Theresa May has said she is ready to make way for a new Conservative leader and Prime Minister to take Britain through the second phase of Brexit negotiations.
But how could that happen?
– Thursday March 28 or Friday March 29
Mrs May is expected to bring her Withdrawal Agreement back to the House of Commons for a third “meaningful vote”.
If it passes, this automatically triggers an extension to the Brexit process to May 22, when the UK would leave with a deal.
The EU has said it is ready to start negotiating a future trade and security relationship as soon as the Withdrawal Agreement and Political Declaration have been ratified in Westminster, so the second phase of talks could be said to start as soon as MPs approve the deal, making an immediate resignation possible.
– Monday April 1
MPs will debate their favoured Brexit options in a second round of “indicative votes” in the Commons. If the deal has been passed, this cannot affect the Withdrawal Agreement, but it could exert a powerful influence on the kind of future relationship pursued by Mrs May’s successor.
– Friday April 12
If Mrs May’s deal has not passed, the UK must seek a further extension to negotiations or leave without a deal. If there is no Withdrawal Agreement, talks are nonetheless likely to start soon on a trade and security deal between what will remain important partners and close neighbours.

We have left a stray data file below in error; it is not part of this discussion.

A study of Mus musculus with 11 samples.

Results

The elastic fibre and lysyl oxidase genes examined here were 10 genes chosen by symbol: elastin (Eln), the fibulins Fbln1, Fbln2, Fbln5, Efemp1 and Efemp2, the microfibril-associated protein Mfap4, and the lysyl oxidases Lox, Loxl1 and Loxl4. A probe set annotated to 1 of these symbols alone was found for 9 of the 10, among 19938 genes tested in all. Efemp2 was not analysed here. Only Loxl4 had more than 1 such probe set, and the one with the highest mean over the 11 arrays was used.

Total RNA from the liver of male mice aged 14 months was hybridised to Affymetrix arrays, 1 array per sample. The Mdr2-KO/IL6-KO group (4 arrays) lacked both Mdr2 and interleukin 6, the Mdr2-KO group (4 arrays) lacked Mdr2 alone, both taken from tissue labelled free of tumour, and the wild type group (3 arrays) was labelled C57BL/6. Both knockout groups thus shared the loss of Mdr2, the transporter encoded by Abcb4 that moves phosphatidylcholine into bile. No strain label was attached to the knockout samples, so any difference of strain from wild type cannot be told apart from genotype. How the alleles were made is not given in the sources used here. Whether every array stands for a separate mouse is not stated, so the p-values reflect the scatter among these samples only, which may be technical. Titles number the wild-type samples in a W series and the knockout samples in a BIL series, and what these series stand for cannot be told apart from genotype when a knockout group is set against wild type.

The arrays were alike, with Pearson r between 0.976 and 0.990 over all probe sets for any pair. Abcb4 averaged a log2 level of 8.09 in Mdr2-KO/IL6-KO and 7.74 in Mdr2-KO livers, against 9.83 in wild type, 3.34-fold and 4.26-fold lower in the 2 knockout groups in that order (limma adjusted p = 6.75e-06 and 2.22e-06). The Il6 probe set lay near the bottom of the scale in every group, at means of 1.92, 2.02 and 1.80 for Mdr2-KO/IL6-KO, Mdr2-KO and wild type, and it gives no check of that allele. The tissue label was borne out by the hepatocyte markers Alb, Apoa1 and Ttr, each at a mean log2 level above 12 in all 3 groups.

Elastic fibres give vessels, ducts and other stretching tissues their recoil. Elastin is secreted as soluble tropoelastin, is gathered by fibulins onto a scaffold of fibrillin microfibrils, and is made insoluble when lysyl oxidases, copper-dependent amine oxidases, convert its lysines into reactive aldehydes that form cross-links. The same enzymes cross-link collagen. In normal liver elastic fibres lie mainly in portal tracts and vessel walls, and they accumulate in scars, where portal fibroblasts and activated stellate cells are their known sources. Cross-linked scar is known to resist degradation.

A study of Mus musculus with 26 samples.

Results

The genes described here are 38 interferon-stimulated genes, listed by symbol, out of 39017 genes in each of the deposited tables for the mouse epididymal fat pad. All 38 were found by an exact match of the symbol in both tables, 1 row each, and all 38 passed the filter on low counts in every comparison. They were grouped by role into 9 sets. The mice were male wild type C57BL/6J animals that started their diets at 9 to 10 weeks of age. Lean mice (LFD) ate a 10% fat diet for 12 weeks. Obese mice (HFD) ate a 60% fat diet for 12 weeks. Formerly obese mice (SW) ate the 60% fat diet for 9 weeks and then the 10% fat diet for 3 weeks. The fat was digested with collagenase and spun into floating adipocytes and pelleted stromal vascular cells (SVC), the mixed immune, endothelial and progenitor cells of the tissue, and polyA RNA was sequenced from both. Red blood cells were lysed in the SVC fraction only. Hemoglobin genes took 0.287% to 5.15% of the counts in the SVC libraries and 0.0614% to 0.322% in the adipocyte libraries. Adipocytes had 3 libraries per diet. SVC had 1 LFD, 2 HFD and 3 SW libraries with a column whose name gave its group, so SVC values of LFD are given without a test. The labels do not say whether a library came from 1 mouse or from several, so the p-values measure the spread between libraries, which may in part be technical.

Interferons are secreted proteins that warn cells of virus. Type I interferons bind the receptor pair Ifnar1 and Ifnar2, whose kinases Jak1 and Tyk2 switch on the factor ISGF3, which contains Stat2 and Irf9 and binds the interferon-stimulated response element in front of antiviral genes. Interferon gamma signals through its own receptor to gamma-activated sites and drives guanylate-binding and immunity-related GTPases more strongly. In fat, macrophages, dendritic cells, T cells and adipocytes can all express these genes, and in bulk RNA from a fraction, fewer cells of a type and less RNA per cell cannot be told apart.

Once the Withdrawal Agreement is passed, the Government needs to rush an implementation bill through Parliament, along with other legislation needed to ensure a smooth departure. It is unclear whether Mrs May would delay her resignation until this process is complete and the UK formally leaves on May 22.
It would be possible for her to declare she is stepping down, but to remain in post during the contest to select a successor.
If she remains in office until May 25, she will overtake Gordon Brown’s tenure of two years and 319 days in office to become the 35th longest-serving PM in British history. If she lasts until May 26, she outstrips the Duke of Wellington and another 28 days to June 23 will take her past Neville Chamberlain.
The process of picking a new leader requires Conservative MPs to whittle down contenders to a shortlist of two, who then go forward to a final vote by members in the country.
Precise rules for the contest are a matter for the 1922 Committee executive, led by chairman Sir Graham Brady.
A wide field of candidates is expected, with Boris Johnson, Michael Gove, Jeremy Hunt, Sajid Javid, Amber Rudd and Dominic Raab among those thought to be mulling their prospects.
Candidates who secure the required nominations would be subjected to a series of secret ballots of MPs, with one eliminated on each round until only two remain. This process could be completed within a fortnight or so of the contest being declared.
The next stage would be expected to take around six weeks, as the remaining two contenders campaign for support in a postal ballot involving around 125,000 members around the country.
If Mrs May were to pass her Withdrawal Agreement by the end of this week and declare her resignation immediately afterwards, a new leader could therefore be in place as early as the first week of June. If she delayed until the formal date of Brexit on May 22, the process could be completed in mid-July.
She is due to represent the UK at the annual G20 summit in Osaka, Japan, on June 28-29, which could be her last outing on the international stage before stepping down.